Texas Aquatic Harvesting of Polk County
Jim Vaughan is a fisherman at heart. Luckily, he found a way to mix business with pleasure, when he started Texas Aquatic Harvesting 20 years ago. “We build aquatic weed harvesters that harvest aquatic weeds out of lakes and rivers,” Vaughan said.
Originally started in Texas, the company moved to Florida due to demand for harvesters in the state. While business is good for most of the year, the company has experienced difficulty at times due to a protected endangered species that nests during the summer months.
Looking for opportunities to expand business, Vaughan reached out to the Florida SBDC at University of South Florida, for a business assessment and no-cost international trade consulting. “Internationally, they don’t use herbicides to kill their weeds so their lakes clog up with aquatic plants and they have to cut the waterways open,” he said.
That’s where products like the Tiger Cut, the newest aquatic harvesting boat designed by Texas Aquatic, comes into the picture. In addition to utilizing the Florida SBDC at USF to do research on what it takes to export products, Carl Hadden, a certified business consultant, completed a business assessment on the company to find additional opportunities.
“Some of the recommendations that came from the business assessment had to do with entering new markets,” Hadden said. “Through the research, we uncovered that in the northern states they have weed problems in the summer. So one of the things the company is looking at now is potentially – instead of laying people off here during the summer – going up north and doing some of that work in the northern states.”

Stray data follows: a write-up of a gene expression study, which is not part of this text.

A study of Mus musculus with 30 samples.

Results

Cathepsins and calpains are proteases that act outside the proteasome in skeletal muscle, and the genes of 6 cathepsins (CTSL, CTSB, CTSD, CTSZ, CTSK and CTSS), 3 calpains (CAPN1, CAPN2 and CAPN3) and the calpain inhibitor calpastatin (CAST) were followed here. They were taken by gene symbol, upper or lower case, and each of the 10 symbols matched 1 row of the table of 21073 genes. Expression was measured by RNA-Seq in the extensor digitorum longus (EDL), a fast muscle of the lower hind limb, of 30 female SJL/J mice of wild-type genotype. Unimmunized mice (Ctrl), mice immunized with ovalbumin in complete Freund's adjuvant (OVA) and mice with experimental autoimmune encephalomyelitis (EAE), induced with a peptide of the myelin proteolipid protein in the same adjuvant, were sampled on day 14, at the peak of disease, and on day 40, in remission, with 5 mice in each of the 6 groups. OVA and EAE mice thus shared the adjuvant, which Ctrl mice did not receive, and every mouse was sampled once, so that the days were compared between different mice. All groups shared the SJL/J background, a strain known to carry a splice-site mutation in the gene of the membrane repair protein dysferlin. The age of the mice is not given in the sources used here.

Operations Manager, Mikel Hulon, is excited about the outlook for the company, based on the recommendations given in the assessment. “One of the main aspects of the plan that we saw is to broaden and improve our Web base,” Hulon said. “That’s something we’re working on today that we’re focusing on first.”
The Website will serve to educate the general public about what Texas Aquatic Harvesters, such as the Tiger Cut, can do. The cutters are manufactured in Lake Wales. While the company works on the recommendations given in the business assessment, Vaughan is focused on the future.
“We’re currently around $2 to $3 million,” he said of sales. “We’d like to be $8 million over five years and we’re looking for something to fill in those [summer] months like manufacturing, where we can be building boats in the shop.”
He and Hulon expect to utilize Hadden’s experience to assist the company in marketing and sales to find additional avenues.
”Carl looked us in the eye essentially and said, we can help you,” Hulon added. “I believe if we follow the steps that Carl’s laid out for us, I believe this company can do nothing but move forward and grow greater in the future.”